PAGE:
30 Oct 2012
Cancer patients in Scotland’s most deprived areas are 76 per cent more likely to lose their battle with the disease than those in the wealthiest parts, figures today have shown.
ISD Scotland said while overall mortality rates for cancer had fallen over the last decade, massive inequalities still exist.
Cancer mortality rates in the most deprived areas are more than 250 per 100,000 people, while in the least deprived that falls to around 150 per 100,000.
The Scottish Conservatives also said with more than 15,000 people dying from cancer in Scotland last year, the Scottish Government should reconsider its rejection of a Cancer Drugs Fund, similar to the one which exists in England.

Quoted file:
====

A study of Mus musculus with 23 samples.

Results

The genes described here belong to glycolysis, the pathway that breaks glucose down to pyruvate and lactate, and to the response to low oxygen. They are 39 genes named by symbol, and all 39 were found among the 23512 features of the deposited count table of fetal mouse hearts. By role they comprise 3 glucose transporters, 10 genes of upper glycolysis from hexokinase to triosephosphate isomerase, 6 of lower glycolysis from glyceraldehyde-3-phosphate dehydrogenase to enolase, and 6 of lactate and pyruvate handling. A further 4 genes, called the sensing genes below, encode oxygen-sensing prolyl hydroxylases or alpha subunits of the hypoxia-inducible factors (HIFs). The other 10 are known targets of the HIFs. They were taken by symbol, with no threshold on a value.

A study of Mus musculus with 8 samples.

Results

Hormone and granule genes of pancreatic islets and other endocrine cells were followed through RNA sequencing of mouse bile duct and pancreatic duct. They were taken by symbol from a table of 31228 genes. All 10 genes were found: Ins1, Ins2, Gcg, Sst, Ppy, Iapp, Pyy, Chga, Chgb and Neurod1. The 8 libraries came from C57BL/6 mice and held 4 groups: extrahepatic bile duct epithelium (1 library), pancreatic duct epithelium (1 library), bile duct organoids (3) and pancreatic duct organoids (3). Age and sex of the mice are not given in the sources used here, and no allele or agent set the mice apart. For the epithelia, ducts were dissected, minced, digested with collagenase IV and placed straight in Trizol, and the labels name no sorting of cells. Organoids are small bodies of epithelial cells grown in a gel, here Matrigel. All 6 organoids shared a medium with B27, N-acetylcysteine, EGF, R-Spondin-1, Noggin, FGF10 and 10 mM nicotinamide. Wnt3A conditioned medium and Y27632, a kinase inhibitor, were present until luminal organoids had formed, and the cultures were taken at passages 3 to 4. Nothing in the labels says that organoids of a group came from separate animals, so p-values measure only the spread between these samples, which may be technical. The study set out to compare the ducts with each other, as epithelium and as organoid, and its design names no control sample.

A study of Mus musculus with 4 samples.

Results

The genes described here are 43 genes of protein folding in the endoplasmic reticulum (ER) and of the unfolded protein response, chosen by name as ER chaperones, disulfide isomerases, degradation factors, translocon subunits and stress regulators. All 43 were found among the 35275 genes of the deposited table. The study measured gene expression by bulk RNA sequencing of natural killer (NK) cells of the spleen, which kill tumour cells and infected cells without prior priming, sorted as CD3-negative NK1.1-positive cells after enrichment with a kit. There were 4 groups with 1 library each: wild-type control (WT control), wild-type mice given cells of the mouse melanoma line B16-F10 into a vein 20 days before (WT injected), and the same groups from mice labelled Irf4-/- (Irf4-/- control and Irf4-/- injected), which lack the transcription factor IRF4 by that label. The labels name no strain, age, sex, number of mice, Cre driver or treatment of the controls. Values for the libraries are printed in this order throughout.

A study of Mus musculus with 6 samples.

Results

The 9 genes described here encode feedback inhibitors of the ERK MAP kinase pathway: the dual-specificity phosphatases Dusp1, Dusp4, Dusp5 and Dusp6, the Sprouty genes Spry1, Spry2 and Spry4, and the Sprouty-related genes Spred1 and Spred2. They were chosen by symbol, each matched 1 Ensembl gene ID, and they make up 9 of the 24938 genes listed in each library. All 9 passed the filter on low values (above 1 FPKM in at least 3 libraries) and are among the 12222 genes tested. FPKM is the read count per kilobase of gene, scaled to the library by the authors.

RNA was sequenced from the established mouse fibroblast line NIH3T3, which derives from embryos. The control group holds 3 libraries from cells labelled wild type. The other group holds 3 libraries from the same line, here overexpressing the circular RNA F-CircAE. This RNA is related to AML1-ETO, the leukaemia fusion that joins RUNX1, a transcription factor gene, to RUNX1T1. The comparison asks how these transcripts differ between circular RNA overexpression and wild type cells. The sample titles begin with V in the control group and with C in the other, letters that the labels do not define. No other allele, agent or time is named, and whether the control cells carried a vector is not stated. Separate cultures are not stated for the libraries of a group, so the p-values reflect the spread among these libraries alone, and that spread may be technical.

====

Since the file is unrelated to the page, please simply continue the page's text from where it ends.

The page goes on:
Scottish Conservative health spokesman and deputy leader Jackson Carlaw MSP said:
“The fact more people are surviving cancer is a tribute to the NHS workers and charities who have worked so hard to improve Scotland’s record over recent years.
“But there are still real problem in relation to deprivation.
“Cancer patients in Scotland’s most deprived zones are considerably less likely to survive their cancer than those in wealthier parts.
“That is an unfair statistic, and one we have to work harder to improve.
“Health messages in areas of deprivation are simply not getting through, and we have to understand why that is.
“While these figures today are to be welcomed, they don’t tell the full story.
“All over Scotland there are people whose lives could be dramatically improved, and indeed lengthened, by the creation of a Cancer Drugs Fund.
“This is in operation south of the border, but for some reason the SNP has repeatedly refused to bring this in.”